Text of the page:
My name is Donna Maukonen, and I’ve worked nine years at a bank, six years at a radio ministry non-profit and three years as an associate producer for local TV and radio websites. I’ve run my own business as a website designer. I’ve been through government takeovers, lay-offs, unemployment, and the ups and downs of self-employment. I lost my dad when I was four and my mother when she was 91.
I’ve been in church since my conversion in 10th grade. I’ve seen the beauty of Jesus’s body caring in love, and like most folks, I have a few scars, too. I began a reconstruction of my own faith about ten years ago, and came out the other side renewed in my faith by God’s grace and the Spirit’s patient counsel.
In the midst of my reconstruction I was introduced to the contemplative areas of Christianity through authors like Dallas Willard and Gerald May, whose books joined other favorites in my bookshelf (like C.S. Lewis, Vance Havner, Madeline L’Engle, to name a few.) I learned about things like spiritual formation, walking labyrinths, centering prayer, and Ignatian spirituality. What started as a discernment process between the vocations of counseling and life coaching led me to a clear call to become a spiritual director.
I’m a third year intern spiritual director in the Audire program and a member of Spiritual Directors International.
I attend a credally orthodox, non-denominational church.
I graduated from Ethnos360 Bible Institute.
I have a BA from the University of Central Florida (Liberal Studies Fine Art and Computer Programming, English Writing minor).
I am a recovering creative who enjoys making art with things and words.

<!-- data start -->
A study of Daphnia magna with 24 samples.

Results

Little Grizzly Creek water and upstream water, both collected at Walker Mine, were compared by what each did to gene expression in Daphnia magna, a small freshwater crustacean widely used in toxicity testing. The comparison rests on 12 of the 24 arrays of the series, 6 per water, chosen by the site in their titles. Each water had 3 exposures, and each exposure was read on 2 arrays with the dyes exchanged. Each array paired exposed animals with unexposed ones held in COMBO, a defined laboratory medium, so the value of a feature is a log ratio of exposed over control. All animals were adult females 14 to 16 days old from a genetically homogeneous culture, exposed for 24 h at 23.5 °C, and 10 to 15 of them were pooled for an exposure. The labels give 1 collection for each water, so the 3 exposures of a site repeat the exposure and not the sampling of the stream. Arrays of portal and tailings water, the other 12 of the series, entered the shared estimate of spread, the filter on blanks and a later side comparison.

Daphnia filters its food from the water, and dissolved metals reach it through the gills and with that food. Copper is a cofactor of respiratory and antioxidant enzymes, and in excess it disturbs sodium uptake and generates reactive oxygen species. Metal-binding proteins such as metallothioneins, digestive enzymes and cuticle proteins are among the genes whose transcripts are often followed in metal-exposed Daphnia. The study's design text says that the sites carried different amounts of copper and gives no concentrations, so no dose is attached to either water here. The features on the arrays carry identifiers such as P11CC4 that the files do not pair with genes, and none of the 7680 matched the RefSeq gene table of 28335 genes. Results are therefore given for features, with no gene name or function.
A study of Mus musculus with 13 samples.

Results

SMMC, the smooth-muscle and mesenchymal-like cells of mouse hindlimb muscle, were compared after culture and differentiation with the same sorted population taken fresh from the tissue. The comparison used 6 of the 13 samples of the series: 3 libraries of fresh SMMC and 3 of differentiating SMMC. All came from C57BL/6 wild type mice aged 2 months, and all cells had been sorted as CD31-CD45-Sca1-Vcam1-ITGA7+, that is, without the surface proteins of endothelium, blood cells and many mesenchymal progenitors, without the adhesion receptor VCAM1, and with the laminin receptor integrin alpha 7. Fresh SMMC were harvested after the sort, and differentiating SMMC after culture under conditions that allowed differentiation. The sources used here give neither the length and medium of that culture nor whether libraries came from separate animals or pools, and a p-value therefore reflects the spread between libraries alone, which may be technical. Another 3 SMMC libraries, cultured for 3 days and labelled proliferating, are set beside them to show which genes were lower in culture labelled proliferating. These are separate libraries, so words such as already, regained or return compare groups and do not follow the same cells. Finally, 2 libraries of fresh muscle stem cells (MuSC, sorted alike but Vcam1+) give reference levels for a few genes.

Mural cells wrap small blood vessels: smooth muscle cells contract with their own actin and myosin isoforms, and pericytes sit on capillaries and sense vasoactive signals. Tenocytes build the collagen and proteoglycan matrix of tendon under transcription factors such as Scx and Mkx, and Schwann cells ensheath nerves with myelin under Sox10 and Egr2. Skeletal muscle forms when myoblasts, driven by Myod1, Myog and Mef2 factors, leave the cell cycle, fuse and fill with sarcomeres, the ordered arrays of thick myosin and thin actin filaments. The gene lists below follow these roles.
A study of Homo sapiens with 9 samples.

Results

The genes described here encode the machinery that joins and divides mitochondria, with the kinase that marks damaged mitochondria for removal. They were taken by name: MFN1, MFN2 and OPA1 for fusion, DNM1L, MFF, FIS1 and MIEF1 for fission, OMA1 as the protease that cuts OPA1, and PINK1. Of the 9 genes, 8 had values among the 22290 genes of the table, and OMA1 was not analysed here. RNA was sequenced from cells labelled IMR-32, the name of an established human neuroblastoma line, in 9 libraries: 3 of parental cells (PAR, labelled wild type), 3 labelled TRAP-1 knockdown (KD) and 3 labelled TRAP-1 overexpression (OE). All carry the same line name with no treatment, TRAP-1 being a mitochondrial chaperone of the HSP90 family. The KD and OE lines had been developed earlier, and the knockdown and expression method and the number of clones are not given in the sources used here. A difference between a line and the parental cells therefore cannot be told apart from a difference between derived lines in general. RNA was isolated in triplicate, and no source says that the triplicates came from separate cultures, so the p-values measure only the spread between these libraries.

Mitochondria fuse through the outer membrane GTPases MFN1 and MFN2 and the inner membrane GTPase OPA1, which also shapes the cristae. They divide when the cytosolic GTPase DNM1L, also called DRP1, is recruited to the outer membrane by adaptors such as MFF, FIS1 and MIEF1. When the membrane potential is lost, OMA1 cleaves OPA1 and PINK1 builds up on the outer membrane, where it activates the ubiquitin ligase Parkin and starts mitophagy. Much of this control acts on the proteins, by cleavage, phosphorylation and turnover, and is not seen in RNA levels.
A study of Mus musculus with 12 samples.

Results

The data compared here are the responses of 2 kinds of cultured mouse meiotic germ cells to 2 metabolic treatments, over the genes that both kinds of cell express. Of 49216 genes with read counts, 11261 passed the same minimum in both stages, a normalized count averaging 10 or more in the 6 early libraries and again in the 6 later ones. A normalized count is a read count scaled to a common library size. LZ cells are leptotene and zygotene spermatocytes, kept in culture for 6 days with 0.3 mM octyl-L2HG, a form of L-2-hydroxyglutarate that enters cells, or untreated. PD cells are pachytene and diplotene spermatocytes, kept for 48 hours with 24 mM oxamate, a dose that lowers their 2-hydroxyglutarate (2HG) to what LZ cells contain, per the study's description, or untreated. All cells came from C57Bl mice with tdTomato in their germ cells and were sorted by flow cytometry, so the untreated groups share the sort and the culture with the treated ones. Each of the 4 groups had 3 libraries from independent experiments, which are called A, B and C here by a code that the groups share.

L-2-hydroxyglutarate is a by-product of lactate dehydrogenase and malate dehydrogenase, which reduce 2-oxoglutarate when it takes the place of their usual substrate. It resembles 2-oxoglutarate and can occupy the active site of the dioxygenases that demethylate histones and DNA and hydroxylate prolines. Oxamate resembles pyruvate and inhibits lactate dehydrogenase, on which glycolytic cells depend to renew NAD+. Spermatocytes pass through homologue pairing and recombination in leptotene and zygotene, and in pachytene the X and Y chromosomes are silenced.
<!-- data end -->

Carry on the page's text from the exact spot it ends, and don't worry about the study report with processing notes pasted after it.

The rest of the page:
I care for two horses twice a week and garden when the weather is favorable.
I write a blog at my website, Living Selah.
I love creating photo/text graphics of quotes and scripture that I share on Instagram.
About Living Selah
I love a mystery. Selah is a word of mystery. Its meaning puzzles bible scholars, although it shows up in the book of Psalms 71 times and Habakuk 3 times. Some scholars view it as a direction to musicians to pause or take a breath. Some think it may be related to the Hebrew word “calah” which means “to weigh in the balance.” Still others think it’s a combination of two words that mean “to praise” and “to lift up.” My soul responds to all these meanings. I get so busy in the days, weeks, months, and years, and as I gain years, the swiftness of time astonishes me. Do you feel this too? Too often the present rushes at us, running rough shod with all its urgencies. We need to, even in the midst of what we might call “holy” or “spiritual”, take time to rest – take a breath – weigh – and praise. This is what I’d like you to find in this journal of mine. Places where you can take a breath, weigh a thought, and ring praise back to our eternal God. What I write are gifts of grace that God has given me, and that I hope will give you moments of peace in this often insane and messy world.
About the Logo
The triquetra is an ancient Christian symbol and is the three pointed part of the logo. The three arcs symbolize the Trinity of Father, Son, and Spirit. The heart is intertwined with the triquetra as a symbol of the eternal and infinite love of God, and His charge for us to show the world that we are followers of the Son through our love for one another.